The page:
Here’s a little look at a recent tomato experiment; with and without castings. We used 25% worm castings mixed with cheap potting soil for seeding. When we transplanted into larger containers, we used the same percentage, just in larger pots. Lastly, when we planted we used about one cup of worm castings in each hole. Here’s some pics that tell the story. Admittedly, it isn’t perfect controlled science, but it is certainly empirical evidence.
First is a photo of our seeding tray with and without castings. The wet/dark looking soil is with 25% castings. By the way, you have to be careful not to just accept that there is moisture in there just because it is dark. That is the nature of vermiculture. Touch it to make sure.
Next is a photo of the seedlings as they were growing. The one on the left is without worm castings and the one on the right is with castings. Everything else is the same. Except … the one with the castings, on the right, is actually one week younger.
Lastly, here is a photo of the tomato beds as they were maturing. (My shadow taking the picture is just thrown in for your viewing pleasure and because I am a lousy photographer.) Sorry about that.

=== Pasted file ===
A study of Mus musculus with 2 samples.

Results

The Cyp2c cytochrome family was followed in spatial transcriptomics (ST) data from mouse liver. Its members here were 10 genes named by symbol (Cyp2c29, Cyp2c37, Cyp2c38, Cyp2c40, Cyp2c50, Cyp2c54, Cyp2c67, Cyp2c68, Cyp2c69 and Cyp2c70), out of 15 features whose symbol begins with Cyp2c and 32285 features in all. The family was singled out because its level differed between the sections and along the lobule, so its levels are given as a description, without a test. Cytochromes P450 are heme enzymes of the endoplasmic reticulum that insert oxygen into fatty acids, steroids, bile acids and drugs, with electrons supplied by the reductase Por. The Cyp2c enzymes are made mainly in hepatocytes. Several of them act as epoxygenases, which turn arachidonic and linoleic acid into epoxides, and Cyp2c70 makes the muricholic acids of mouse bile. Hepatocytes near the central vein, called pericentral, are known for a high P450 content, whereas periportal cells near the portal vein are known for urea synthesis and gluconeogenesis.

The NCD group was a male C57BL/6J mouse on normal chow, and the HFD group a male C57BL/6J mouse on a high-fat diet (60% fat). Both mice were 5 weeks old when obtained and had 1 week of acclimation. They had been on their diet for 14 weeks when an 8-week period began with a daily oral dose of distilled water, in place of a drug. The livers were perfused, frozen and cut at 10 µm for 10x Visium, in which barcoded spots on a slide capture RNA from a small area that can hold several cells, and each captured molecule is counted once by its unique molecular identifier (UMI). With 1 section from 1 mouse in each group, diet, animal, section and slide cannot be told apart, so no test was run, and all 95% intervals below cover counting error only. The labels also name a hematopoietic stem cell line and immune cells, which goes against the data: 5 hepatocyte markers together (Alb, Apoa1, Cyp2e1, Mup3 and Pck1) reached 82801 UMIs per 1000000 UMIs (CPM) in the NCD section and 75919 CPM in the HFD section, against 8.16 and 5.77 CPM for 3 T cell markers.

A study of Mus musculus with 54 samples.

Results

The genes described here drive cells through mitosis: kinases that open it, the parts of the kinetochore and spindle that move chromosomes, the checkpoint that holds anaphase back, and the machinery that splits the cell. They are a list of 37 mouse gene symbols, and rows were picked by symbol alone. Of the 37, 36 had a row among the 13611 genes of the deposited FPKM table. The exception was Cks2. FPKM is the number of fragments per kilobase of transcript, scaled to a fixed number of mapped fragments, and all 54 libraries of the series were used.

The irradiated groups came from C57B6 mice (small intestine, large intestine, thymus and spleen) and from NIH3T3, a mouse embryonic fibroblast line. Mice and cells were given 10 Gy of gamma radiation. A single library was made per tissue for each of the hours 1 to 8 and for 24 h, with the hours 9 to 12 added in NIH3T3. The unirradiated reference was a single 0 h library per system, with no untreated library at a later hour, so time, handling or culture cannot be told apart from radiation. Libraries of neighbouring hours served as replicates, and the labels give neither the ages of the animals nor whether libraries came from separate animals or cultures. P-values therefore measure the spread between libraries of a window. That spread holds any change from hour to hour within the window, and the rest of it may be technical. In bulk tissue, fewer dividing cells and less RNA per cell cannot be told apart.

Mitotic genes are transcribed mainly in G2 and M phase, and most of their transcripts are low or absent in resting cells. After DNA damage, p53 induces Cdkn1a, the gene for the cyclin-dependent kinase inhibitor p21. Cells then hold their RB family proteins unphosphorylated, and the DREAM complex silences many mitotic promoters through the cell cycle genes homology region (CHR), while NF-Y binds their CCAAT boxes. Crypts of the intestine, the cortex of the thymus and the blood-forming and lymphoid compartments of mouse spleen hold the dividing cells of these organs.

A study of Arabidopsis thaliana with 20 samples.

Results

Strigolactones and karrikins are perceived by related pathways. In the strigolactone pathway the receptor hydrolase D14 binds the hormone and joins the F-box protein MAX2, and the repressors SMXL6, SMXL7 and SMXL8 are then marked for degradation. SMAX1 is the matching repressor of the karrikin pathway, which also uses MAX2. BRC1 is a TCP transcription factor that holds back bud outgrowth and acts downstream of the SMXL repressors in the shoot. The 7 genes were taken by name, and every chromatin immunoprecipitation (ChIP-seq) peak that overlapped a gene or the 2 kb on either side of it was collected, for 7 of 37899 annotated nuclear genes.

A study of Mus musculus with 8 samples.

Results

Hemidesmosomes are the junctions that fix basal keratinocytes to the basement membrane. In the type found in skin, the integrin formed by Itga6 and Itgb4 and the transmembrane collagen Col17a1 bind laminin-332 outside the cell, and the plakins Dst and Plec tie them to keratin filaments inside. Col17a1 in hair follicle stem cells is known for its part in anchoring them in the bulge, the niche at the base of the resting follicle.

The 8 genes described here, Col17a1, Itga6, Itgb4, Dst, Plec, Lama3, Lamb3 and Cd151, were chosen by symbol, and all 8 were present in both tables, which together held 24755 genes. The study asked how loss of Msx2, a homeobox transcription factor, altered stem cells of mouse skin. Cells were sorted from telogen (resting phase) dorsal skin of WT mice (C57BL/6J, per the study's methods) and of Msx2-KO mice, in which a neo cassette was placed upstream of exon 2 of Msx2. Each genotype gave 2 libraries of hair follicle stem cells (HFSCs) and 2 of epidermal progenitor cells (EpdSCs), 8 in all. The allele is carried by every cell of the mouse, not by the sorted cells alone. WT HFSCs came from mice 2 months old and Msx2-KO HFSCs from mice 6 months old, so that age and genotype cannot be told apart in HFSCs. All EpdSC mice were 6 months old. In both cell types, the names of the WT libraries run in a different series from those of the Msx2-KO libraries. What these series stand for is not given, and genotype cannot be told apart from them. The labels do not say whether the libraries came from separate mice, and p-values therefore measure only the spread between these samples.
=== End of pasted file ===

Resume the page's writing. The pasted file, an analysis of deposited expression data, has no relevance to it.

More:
The bed on the left has the plants where we put one cup of worm castings in each hole when we planted. The bed on the right does not have vermicompost. Everything else was the same. Same soil to begin with, same watering schedule and amounts, same weather, etc. You’ll notice how much taller and fuller the plants on the left are. Three cheers for our wonder worms and their worm castings.
2017 April 19. Picture of this year’s tomato experiment. Picture from top. Look how full the left side is. That’s right, those are the ones with vermicompost!
Thanks for taking the time for a look see. Why not do your own experiment?